On Monday, 24th July 1469, was fought the Battle of Edgecote Moor, and 549 years later, on 26th July 2018, I was being informative about it here . Except I had my facts wrong. It wasn’t Edgecote Moor, it was just plain Edgcote or sometimes Edgecote, but just that one word! Apparently I was repeating a well-known error, others being that the battle was that of Danes Moor or Banbury. It wasn’t, because it was most definitely the Battle of Edgcote, although contemporary spelling did refer to Edgecote. It’s not that now, it’s Edgcote.
A (polite!) comment was made on the blog by Graham Evans, Secretary of the Northamptonshire Battlefields Society, which has this Facebook page. He pointed out that his society has had an ongoing struggle to correct the numerous repetitions of this error. I can quite understand his determination to set the record straight.
He drew my attention to his sterling work to see that the Wikipedia page was correct. If you take a look, it’s very informative indeed about this tiresome mistake. He has certainly put the record straight!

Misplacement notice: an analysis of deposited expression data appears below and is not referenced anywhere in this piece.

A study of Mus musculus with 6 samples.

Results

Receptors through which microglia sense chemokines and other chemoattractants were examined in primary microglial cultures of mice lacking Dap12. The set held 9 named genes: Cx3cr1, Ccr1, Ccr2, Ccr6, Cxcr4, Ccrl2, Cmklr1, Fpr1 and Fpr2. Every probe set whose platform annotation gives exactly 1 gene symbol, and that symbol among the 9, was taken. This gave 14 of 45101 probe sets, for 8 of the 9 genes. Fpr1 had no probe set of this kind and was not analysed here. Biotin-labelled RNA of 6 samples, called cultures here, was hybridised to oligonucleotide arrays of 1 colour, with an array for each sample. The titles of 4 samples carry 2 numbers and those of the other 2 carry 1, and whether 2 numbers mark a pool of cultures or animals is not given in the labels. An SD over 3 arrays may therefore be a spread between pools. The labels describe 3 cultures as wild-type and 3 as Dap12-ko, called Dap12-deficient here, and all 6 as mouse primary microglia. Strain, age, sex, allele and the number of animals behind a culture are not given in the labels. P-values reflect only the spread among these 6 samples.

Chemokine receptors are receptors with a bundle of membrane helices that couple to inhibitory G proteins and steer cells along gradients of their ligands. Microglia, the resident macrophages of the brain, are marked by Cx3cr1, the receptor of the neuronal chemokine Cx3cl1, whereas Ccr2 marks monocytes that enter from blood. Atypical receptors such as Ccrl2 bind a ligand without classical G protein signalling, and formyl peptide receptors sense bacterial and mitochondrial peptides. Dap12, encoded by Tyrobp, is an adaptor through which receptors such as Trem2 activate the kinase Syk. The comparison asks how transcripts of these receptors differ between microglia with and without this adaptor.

My first thought when he pointed out that ‘Moor’ had no business being in the battle’s name was that someone somewhere had made a subliminal connection with the Battle of Marston Moor, but it seems not. These untruths have a nasty way of taking root…ask Richard III, about whom there are so many falsehoods that it sometimes beggars belief. So, I can more than sympathise with Mr Evans’ society and its determination to right wrongs.
It comes to something when even the Royal Mail falls foul of the truth! Its beautiful new set of Wars of the Roses postage stamps includes one about the “Battle of Edgecote Moor, 1469”, (see above). Oh dear.
So, I’m now owning up to my previous errors (which have been corrected in the 2018 post) and am hoping to draw attention to the problem about Edgcote. I do hope it soon becomes a permanent rectification everywhere.
And together with Mike Ingram, he has also written a book called The Battles and Battlefields of Northamptonshire.
Note: I apologise for the waywardness of some of the above illustrations, which were all centred with their captions when drafted, but seem to have developed wanderlust once published.